NYC Funds Abortions For People From States With Restrictive Bans

By Ayana Byrd Jun 17, 2019

On Friday (June 14), New York City added money to its 2020 budget to help people who are not city residents. In what’s billed as the first move of its kind by a municipality, New York City earmarked $250,000 to assist pregnant people who live in states with restrictive abortion laws who want to get the medical procedure performed in the city.

The money will go to the New York Abortion Access Fund, reports The New York Times, and it will cover medical costs for approximately 500 people:


The abortion access fund provides payment to clinics on behalf of women who might not be able to pay for abortions, but are not covered by insurance or Medicaid. Roughly a third of the fund goes to women who come to New York for abortions.

The newspaper called the move “symbolic if provocative” in the ongoing national battle on abortion rights. This year, nine states have passed restrictive laws. These include KentuckyOhio and Georgia, which have six-week bans. Missouri’s ban is at eight weeks of pregnancy, while Alabama recently criminalized abortion at the moment of conception, with no exceptions for rape or incest.

These laws were passed by Republican-controlled state legislatures in the hopes that they will lead to legal fights that will prompt the conservative-majority Supreme Court of the United States to overturn Roe v. Wade, the landmark 1973 court case that legalized abortion nationwide.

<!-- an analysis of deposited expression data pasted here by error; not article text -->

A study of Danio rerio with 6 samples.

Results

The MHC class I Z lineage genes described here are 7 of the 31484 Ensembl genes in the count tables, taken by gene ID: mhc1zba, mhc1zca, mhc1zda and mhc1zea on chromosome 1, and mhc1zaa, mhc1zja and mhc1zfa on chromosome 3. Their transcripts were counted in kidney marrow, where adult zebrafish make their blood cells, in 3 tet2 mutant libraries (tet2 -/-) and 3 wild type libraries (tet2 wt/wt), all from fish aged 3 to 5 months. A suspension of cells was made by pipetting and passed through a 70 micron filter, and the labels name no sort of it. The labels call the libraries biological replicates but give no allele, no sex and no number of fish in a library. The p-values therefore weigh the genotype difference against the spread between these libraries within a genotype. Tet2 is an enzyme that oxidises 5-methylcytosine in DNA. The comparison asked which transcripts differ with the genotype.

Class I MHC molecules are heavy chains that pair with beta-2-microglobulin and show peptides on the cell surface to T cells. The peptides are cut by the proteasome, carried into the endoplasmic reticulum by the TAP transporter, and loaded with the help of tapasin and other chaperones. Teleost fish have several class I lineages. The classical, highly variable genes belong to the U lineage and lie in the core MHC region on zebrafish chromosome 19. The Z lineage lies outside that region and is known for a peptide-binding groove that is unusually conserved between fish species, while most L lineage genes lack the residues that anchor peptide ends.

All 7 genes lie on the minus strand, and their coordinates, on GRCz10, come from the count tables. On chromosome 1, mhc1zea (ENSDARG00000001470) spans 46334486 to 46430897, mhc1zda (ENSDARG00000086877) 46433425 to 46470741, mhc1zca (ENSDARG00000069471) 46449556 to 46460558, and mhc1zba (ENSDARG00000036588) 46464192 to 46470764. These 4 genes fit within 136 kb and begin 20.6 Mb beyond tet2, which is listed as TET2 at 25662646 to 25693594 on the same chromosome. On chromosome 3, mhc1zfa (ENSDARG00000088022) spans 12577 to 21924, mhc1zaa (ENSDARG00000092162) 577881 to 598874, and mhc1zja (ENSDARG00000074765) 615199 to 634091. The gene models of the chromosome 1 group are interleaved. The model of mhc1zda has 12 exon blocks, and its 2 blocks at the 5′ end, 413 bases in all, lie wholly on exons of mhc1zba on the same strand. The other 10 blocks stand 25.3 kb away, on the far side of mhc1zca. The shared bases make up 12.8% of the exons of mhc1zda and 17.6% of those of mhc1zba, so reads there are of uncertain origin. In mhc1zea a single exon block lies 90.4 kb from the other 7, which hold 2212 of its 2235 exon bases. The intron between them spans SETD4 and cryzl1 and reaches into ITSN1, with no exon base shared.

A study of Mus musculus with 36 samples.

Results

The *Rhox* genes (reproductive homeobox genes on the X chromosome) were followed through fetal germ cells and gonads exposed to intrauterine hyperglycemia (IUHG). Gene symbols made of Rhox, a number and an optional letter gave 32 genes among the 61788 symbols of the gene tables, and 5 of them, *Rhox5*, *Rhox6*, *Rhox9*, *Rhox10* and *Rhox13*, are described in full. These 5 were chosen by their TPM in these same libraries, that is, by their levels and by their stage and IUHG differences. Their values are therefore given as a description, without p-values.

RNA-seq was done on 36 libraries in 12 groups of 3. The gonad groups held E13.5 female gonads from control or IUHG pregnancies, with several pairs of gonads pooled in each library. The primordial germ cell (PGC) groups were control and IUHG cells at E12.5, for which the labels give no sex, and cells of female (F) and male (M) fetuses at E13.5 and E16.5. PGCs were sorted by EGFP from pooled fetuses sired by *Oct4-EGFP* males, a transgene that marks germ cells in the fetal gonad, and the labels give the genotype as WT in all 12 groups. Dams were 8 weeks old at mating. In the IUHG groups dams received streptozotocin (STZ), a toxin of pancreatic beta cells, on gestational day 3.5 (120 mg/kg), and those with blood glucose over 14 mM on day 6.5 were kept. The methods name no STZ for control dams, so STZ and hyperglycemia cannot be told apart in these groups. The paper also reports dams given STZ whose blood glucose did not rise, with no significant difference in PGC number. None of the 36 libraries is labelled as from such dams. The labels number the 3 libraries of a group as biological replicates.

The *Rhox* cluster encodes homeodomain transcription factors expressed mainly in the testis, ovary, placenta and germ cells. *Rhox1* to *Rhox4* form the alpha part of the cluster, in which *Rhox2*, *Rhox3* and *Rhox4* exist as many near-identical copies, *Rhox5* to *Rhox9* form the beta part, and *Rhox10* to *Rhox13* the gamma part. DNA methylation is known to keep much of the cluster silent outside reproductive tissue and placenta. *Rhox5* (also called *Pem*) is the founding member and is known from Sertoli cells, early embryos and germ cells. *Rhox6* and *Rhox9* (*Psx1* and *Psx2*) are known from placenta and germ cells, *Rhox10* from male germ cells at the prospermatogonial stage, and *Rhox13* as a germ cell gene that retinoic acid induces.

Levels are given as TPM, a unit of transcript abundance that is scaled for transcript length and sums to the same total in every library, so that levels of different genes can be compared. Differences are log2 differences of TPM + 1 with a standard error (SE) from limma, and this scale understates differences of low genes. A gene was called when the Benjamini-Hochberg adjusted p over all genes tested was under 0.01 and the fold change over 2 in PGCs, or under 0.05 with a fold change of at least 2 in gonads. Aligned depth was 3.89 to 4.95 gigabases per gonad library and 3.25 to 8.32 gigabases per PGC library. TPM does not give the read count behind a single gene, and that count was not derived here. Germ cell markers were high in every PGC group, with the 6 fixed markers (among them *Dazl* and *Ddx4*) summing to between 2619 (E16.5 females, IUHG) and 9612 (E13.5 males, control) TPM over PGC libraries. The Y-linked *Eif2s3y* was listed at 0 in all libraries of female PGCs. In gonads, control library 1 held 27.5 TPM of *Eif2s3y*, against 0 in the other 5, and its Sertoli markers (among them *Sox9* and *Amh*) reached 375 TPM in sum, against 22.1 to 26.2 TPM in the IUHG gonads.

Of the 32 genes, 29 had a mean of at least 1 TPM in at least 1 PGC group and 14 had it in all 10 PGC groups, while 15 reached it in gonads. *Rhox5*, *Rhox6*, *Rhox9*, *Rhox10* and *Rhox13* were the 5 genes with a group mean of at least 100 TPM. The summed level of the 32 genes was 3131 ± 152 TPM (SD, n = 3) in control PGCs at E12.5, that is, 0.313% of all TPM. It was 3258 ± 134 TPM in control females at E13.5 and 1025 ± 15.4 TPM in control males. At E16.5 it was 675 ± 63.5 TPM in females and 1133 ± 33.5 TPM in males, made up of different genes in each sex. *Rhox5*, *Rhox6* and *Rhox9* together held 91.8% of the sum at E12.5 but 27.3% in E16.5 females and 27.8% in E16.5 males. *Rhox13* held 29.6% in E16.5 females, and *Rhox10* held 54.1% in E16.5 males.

In response to this threat to Roe, a number of states—including Illinois and Maine—have demonstrated their commitment to keeping abortions legal. On the 46th anniversary (January 22) of Roe v. Wade, New York state passed the Reproductive Health Act, which removes the procedure from the state’s criminal code and makes Roe’s protections part of state law.

Carlina Rivera, co-chair of New York City Council’s Women’s Caucus, told The Times that the city must stand as “a beacon for the rest of the country.”

“We heard the news on the abortion bans across the country,” she said. “Many of us in New York felt helpless. We wanted to do more.”